Wight, who goes by Chuck, is a father of three and his youngest daughter is expected to graduate soon from Utah State University. Wight was among 50 candidates who emerged in a national search and one of four finalists selected by the search committee.
He was joined Tuesday by his wife Victorian Rasmussen, a professional development manager with the Utah Education Network.
"I'm looking forward to being a Wildcat," she said. "I have a soft spot for big cats."
During a candidate meeting with students Monday, Wight was seen as a favorite, although students were comfortable with other finalists as well, according to one leader.
"He wooed us, there were no questions we had about how he would do as president. That says a lot," said student-body president Andrew Gardiner, an accounting major from Layton. "Not only did he have a good interview, he is a decent man. He'll take us where we need to be, and for the students that's more innovation and better use of technology."
Wight praised Millner for helping Weber become one of the state's premier institutions, covering an array of missions, from open-access two-year programs to graduate degrees.
"I am excited to ... help guide its mission of providing students with personalized learning experiences that will help them become responsible, educated members of their communities," Wight said. "I am committed to educational excellence, student engagement, service learning, and undergraduate research. I am eager to work collaboratively with WSU's superb faculty, administration, trustees, and staff to keep the university moving along the positive trajectory it has been on during President Millner's tenure."
Millner has worked at Weber in a variety of positions since the early 1980s, the last decade as president. A specialist in health education, she plans to return to the classroom, but will remain in charge until Wight assumes the reins Jan. 1. Under her tenure enrollment has doubled to 25,000 and its graduate offerings expanded.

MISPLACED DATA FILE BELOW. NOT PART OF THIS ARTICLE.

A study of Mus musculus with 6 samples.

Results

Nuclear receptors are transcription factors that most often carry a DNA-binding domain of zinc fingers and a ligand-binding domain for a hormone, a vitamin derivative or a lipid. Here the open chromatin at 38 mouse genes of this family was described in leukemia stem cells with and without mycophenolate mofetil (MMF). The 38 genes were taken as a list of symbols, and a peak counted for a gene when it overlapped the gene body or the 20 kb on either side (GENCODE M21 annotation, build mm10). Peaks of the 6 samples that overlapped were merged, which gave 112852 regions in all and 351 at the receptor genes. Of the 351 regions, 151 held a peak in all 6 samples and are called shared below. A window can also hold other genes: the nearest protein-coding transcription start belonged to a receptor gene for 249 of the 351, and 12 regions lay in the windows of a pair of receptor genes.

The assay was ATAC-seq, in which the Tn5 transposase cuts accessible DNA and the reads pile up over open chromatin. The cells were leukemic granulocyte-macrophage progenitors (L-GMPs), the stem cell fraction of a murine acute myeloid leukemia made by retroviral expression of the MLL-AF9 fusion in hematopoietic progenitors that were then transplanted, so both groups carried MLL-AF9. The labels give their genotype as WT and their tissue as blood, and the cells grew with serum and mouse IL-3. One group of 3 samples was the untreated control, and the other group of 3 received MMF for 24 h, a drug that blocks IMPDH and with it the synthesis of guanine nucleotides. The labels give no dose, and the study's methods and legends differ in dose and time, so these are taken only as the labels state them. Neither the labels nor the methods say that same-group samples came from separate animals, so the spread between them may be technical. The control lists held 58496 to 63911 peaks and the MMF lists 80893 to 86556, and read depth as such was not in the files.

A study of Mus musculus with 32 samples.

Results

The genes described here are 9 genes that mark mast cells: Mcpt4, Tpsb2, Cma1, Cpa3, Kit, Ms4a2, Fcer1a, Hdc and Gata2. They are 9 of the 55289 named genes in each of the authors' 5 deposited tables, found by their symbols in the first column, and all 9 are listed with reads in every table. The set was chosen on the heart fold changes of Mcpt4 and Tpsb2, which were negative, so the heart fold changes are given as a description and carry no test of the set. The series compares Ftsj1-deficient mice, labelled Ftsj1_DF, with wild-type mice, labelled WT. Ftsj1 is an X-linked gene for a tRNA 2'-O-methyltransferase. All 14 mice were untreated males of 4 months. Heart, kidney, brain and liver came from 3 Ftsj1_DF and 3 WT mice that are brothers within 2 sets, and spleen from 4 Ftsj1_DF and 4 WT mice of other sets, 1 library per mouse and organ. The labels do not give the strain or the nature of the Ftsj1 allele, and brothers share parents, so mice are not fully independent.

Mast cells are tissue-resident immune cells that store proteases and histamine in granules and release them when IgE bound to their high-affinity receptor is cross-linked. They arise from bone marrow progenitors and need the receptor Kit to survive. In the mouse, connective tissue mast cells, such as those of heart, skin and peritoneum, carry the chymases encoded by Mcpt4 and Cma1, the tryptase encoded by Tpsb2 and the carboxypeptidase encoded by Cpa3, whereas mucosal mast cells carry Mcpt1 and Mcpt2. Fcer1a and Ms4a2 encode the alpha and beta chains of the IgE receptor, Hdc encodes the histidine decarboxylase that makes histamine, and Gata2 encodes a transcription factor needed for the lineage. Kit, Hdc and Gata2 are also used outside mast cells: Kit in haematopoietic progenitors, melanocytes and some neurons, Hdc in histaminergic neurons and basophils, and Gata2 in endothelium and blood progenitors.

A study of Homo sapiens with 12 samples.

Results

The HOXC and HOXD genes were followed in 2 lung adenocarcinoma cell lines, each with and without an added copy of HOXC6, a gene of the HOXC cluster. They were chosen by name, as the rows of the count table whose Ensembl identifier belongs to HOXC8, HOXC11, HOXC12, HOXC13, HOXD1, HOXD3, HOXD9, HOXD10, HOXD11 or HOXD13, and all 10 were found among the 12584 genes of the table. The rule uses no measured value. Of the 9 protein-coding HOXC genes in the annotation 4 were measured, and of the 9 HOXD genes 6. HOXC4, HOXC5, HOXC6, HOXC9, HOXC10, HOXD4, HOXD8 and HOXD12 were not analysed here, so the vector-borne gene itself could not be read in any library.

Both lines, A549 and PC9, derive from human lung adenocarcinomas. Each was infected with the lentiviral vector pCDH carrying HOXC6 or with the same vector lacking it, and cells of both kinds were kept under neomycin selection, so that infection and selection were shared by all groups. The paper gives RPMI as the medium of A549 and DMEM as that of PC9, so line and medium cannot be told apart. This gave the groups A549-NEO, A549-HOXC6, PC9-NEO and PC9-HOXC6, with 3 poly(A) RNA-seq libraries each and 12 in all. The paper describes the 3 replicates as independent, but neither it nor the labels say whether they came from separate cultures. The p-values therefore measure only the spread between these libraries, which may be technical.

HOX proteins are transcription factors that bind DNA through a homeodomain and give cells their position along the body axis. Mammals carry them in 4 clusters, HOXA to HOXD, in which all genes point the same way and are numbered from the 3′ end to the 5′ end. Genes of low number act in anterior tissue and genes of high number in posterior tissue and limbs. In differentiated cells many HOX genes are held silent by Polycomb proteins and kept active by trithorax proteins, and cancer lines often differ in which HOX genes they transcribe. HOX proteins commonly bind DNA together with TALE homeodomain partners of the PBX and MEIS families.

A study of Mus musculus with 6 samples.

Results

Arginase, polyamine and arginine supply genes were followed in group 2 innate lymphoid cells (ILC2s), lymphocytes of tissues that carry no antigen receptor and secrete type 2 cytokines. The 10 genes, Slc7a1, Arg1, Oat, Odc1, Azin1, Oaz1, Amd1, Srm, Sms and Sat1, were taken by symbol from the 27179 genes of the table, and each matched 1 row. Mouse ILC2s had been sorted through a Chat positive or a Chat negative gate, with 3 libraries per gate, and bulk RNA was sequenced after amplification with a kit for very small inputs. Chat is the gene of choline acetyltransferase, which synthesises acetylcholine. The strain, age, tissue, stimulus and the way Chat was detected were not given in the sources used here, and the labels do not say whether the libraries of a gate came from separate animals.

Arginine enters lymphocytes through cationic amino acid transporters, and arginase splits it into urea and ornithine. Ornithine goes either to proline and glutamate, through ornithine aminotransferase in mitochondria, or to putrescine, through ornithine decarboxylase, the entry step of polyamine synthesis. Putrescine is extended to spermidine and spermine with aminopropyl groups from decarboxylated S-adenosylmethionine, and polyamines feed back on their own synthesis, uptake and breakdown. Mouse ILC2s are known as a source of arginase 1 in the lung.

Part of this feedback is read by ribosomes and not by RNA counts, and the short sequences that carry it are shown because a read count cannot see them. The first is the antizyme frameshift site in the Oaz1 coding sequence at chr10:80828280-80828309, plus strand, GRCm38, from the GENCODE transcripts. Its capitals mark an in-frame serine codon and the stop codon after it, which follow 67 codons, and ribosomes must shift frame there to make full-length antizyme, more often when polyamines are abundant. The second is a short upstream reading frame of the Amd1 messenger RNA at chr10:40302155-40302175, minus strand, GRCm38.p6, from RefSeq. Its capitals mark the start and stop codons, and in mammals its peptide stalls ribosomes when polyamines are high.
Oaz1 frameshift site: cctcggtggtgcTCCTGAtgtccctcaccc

"She has built and managed a solid institution. It's stable, poised and ready for the next step," said Regents chairwoman Bonnie Jean Beesley.
"We couldn't be more thrilled. Here is man with nothing but wonderful credentials. For him to come and take Weber to the next step and to have this kind of leadership will be substantial," said Weber trustees chairman Alan Hall. "He has a grasp of where higher education is going and how to deliver education. Looking ahead, there is a great need to look at innovation and he has shown us that as well."
At the U., Wight is famous for making science fun and instruction effective. Known is some circles as "the chemdog," Wight investigates rates and mechanisms of combustion reactions of high explosives and propellants.
Attired in top hat and other 19th century garb, he joins colleague Peter Armentrout to stage the Faraday chemistry lectures around Christmas every year, demonstrating the explosive properties of hydrogen and lycopodium powder in old-school displays of chemistry in action.
But for the rest of the year, Wight looks to 21st century means for delivering education not just at the U. but all over the state at colleges and high schools alike. He is a key figure in the state's effort to overhaul concurrent enrollment program by standardizing courses and delivering them on-line.
"Chuck Wight is a smart, innovative, and effective leader who has played a major role in the U.'s success for nearly three decades," said Michael Hardman, the U.'s dean of the College of Education and interim senior vice president. "He has earned and genuinely deserves the opportunity to take the helm at Weber State. While his leaving is without question a significant loss for the U, we congratulate Weber's new president, wish him much success, and look forward to working closely with him and our colleagues at Weber State in the years to come."
firstname.lastname@example.org Charles Wight
Weber State's president-select came to the University of Utah in 1984 as an assistant professor of chemistry and has won several teaching and research awards, including being named a fellow by Alfred P. Sloan Foundation American Association for the Advancement of Science. He holds a doctorate from the California Institute of Technology. He researches combustion rates of high explosives and was deputy director of the U.'s Center for Simulation of Accidental Fires and Explosions. He has filed three patents and published 150 peer-review articles.